ISLAMABAD (AP) - The late U.S. envoy Richard Holbrooke's stature, tenacity and extensive contacts allowed him to weave together once-separate diplomatic efforts in Afghanistan and Pakistan. Replacing him will be difficult.
Holbrooke, who died Monday in Washington following surgery for a tear in his aorta, had extensive background in major posts from Vietnam to Germany and the former Yugoslavia.
"The office was created essentially for him and built by him to try to enable diplomatic and civilian side efforts to connect what had been two stove-piped policies under the last administration," said Daniel Markey, a South Asia expert with the Council on Foreign Relations. "Ambassador Holbrooke was playing a multilayered game. This is not an easy job."
"When he spoke to the powerful in the region it was clear he had the ear of those to whom he spoke because he had the ear of the powers in Washington," said Michael Corgan, a professor of international relations at Boston University. "There is no one on the horizon to replace him in this role."
In Afghanistan, Holbrooke, 69, was the civilian point man for the Obama administration's push to shift more responsibility to Afghan troops and the Afghan government so that U.S. troops could withdraw. In Pakistan, Holbrooke tried to improve the U.S. image through humanitarian aid, while nudging the military and government to eradicate safe havens for Taliban and al-Qaida militants on their side of the border with Afghanistan.
After repeated visits over many months to both countries, Holbrooke's efforts had yielded mixed results.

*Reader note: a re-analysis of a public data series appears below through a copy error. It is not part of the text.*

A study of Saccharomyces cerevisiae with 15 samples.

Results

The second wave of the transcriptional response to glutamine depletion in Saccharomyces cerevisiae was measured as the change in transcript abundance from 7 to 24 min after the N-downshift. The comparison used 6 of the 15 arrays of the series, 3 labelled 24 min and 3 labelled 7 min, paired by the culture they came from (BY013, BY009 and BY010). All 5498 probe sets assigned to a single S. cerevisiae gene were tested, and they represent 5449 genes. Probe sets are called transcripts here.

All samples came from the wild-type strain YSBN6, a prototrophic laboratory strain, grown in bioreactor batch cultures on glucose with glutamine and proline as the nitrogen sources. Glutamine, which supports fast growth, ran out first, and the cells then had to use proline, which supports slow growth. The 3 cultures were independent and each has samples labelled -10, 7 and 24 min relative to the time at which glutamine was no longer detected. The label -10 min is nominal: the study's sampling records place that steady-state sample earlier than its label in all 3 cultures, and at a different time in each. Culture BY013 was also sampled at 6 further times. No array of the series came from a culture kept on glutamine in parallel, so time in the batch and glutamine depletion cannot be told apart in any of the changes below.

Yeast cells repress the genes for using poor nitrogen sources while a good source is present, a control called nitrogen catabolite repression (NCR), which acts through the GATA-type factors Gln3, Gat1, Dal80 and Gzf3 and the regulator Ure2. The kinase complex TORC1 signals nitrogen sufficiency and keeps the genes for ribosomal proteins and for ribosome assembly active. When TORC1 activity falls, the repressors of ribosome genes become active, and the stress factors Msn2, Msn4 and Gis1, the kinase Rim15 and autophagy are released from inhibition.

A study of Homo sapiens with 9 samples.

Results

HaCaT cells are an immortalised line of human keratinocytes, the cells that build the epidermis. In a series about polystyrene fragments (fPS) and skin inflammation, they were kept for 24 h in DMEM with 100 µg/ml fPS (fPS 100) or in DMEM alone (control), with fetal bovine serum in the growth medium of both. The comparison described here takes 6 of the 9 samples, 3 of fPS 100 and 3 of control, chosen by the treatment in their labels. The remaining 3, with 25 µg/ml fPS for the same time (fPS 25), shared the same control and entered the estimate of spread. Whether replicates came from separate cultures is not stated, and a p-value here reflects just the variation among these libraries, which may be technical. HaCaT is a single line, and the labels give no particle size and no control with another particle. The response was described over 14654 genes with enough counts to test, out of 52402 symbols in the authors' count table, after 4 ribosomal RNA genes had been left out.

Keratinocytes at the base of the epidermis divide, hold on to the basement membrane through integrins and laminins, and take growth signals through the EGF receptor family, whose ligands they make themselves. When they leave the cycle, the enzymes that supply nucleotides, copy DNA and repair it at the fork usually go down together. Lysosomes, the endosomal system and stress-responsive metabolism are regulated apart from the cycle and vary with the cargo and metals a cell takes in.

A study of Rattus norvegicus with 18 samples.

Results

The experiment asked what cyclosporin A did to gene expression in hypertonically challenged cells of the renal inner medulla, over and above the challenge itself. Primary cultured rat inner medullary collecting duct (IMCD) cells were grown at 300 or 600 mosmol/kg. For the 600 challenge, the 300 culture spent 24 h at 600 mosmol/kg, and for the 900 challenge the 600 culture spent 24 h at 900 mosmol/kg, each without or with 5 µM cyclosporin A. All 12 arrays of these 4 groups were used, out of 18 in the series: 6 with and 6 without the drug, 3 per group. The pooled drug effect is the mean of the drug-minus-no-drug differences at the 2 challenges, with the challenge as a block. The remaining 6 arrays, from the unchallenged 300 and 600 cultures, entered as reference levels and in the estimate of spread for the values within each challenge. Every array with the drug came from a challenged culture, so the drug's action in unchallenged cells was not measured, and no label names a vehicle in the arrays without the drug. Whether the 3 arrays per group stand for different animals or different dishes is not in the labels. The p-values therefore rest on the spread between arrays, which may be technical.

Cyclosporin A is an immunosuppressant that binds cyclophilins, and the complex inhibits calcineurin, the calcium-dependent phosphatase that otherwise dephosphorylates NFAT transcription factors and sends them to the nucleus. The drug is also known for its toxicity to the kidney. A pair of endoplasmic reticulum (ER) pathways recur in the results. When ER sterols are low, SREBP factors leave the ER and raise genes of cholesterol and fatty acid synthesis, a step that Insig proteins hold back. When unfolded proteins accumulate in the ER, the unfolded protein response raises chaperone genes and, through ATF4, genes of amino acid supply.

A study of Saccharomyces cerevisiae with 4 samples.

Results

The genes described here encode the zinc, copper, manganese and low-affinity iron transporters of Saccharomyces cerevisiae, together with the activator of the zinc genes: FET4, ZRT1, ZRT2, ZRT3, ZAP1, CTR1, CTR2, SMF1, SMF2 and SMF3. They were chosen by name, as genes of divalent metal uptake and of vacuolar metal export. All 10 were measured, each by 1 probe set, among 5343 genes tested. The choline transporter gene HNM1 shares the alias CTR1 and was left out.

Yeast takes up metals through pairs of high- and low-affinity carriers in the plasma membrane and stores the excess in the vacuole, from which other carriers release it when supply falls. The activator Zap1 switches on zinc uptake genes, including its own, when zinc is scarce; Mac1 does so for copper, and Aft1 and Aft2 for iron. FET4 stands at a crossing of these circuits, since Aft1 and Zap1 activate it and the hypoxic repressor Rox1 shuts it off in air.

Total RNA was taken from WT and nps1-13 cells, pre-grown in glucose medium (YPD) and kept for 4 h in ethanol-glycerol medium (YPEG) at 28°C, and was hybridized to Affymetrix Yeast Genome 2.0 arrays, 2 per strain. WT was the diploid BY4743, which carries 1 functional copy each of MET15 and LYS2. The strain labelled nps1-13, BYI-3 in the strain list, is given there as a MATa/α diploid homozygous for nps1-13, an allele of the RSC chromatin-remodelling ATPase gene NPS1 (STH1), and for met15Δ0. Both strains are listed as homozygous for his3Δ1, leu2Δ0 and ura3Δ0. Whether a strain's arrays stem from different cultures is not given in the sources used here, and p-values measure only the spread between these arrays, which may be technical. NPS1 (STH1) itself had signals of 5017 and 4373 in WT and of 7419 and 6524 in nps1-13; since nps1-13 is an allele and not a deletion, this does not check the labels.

He seemed to have reached a comfort level with Pakistan's civilian leaders, and his death could mean that the U.S. may have to rely more on its military-to-military contacts in the coming months to press its agenda in Islamabad, analysts said. But his efforts in Kabul faltered in part because he had a frosty relationship with Afghan President Hamid Karzai.
Holbrooke's death comes just days before the Obama administration is expected to roll out the results of its review of the Afghanistan war. And, even as flags flew at half-staff for him at the State Department on Tuesday, President Barack Obama convened his Afghanistan-Pakistan policy team at the White House to plot a way ahead.
"Few have done as much to achieve success; none have done more," said Adm. Mike Mullen, the chairman of the Joint Chiefs of Staff. "I know we will all feel his bully presence in the room as we do so."
White House spokesman Robert Gibbs indicated Tuesday that Obama would eventually fill Holbrooke's post as special envoy to Afghanistan and Pakistan, though he said those discussions had not begun.
Officials from both Pakistan and Afghanistan issued statements of condolence Tuesday.
The praise appeared much more effusive on the Pakistani side. President Asif Ali Zardari and Pakistan's ambassador to the U.S., Husain Haqqani, both called him a "personal friend." That could be a possible sign of the difficulties Holbrooke faced in his relations with Karzai, who issued a brief statement calling Holbrooke's death "a big loss for the American people."
Holbrooke pushed Karzai to root out the corruption that has made his government unpopular with the Afghan people and helped fuel the resurgence of the Taliban. Holbrooke's headstrong style angered Karzai, who complained privately that the American did not understand Afghan culture. It fell to Sen. John Kerry - and not Holbrooke - to persuade the Afghan president to agree to a runoff after the fraud-marred presidential election last year.
For now, Holbrooke's death leaves Ambassador Karl Eikenberry essentially alone in conducting U.S. diplomacy with Karzai's government, and his relationship was strained by leaked cables posted by Wikileaks.